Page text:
Michael Weissman and Sander Greenland write:

Sanjay Gupta and Andrea Kane just ran an extensive front-page CNN article reporting that some residual T-cell immune responses cross-react with SARS-Cov-19, perhaps enough to provide many people with some protection. The article seemed straightforward and reasonable enough until it got to this strangely erroneous statement:

For herd immunity, if indeed we have a very large proportion of the population already being immune in one way or another, through these cellular responses, they can count towards the pool that you need to establish herd immunity. If you have 50% already in a way immune, because of these existing immune responses, then you don’t need 60 to 80%, you need 10 to 30%—you have covered the 50% already.

The source was Prof. John Ioannidis of Stanford Medical School, who since at least March has been making assertions (often challenged by statisticians and epidemiologists) minimizing the dangers of Covid-19.

What’s wrong with his analysis? Let’s look at a very simple and extreme case, just to clarify the logic of the problem, ignoring for now the practical issues, such as that immunity is only partial. Suppose 50% of the population is completely protected without infection, the other 50% is completely vulnerable, the initial reproductive number R0 (the average number of persons infected by each case as the epidemic begins) in a completely vulnerable population would be 4, infection always confers immunity, and our actual population is fully mixed. Then, since 50% of the people encountered by an infectious person would be immune, the R0 in our population would be 50% of 4, i.e. 2 (which is within the range of initial R0 estimates for Covid-19 in whole populations).

From that estimated R0 of 2, the standard estimate of the herd immunity threshold would be (1-1/R0) = 50%. The Ioannidis analysis would then say that, since 50% of the population is already immune, you should correct that estimate by subtracting that 50% from the estimated 50% herd immunity threshold. So you need to achieve only 0% more population immunity to reach herd immunity, meaning you start off with herd immunity and there isn’t an epidemic. With a slightly lower R0, Ioannidis’s analysis would give a negative herd immunity threshold.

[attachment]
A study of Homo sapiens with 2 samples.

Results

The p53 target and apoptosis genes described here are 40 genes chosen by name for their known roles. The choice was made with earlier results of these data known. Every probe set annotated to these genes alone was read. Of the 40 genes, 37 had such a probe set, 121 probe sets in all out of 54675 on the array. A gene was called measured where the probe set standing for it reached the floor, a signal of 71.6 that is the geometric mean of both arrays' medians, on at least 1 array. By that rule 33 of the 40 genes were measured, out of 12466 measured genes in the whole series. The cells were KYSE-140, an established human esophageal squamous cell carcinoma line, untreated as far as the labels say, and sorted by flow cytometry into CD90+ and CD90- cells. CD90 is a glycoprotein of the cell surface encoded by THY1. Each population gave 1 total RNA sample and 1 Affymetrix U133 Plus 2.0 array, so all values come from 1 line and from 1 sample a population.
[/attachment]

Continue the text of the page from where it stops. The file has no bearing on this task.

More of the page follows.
That’s mathematically wrong. We got the R0=2 from watching the initial exponential growth in a mixed population, so there is an epidemic. Furthermore, within the vulnerable fraction of the population, the herd immunity threshold will only be achieved when 50% of that subpopulation has been infected. That 50% represents an additional 25% of the whole population beyond those who were immune to start. That’s a lot better than the 50% from applying R0=2 to the whole population, but it’s not 0%. With a R0=5 in the subpopulation, we get R0=2.5 in the whole population, and herd immunity requires 60% immunity in the subpopulation, which translates to 30% additional immune in the whole population, not 10% as in Ioannidis’s analysis. And so on.

In real life, things get a lot more complicated, among other things because of partial mixing of populations with a spectrum of susceptibilities, and because the reproductive number declines as preventive actions are taken and the disease spreads. But before dealing with those complications, one needs to develop equations that give sensible answers under simple assumptions.

In the immortal words of Barbie . . . Math class is tough!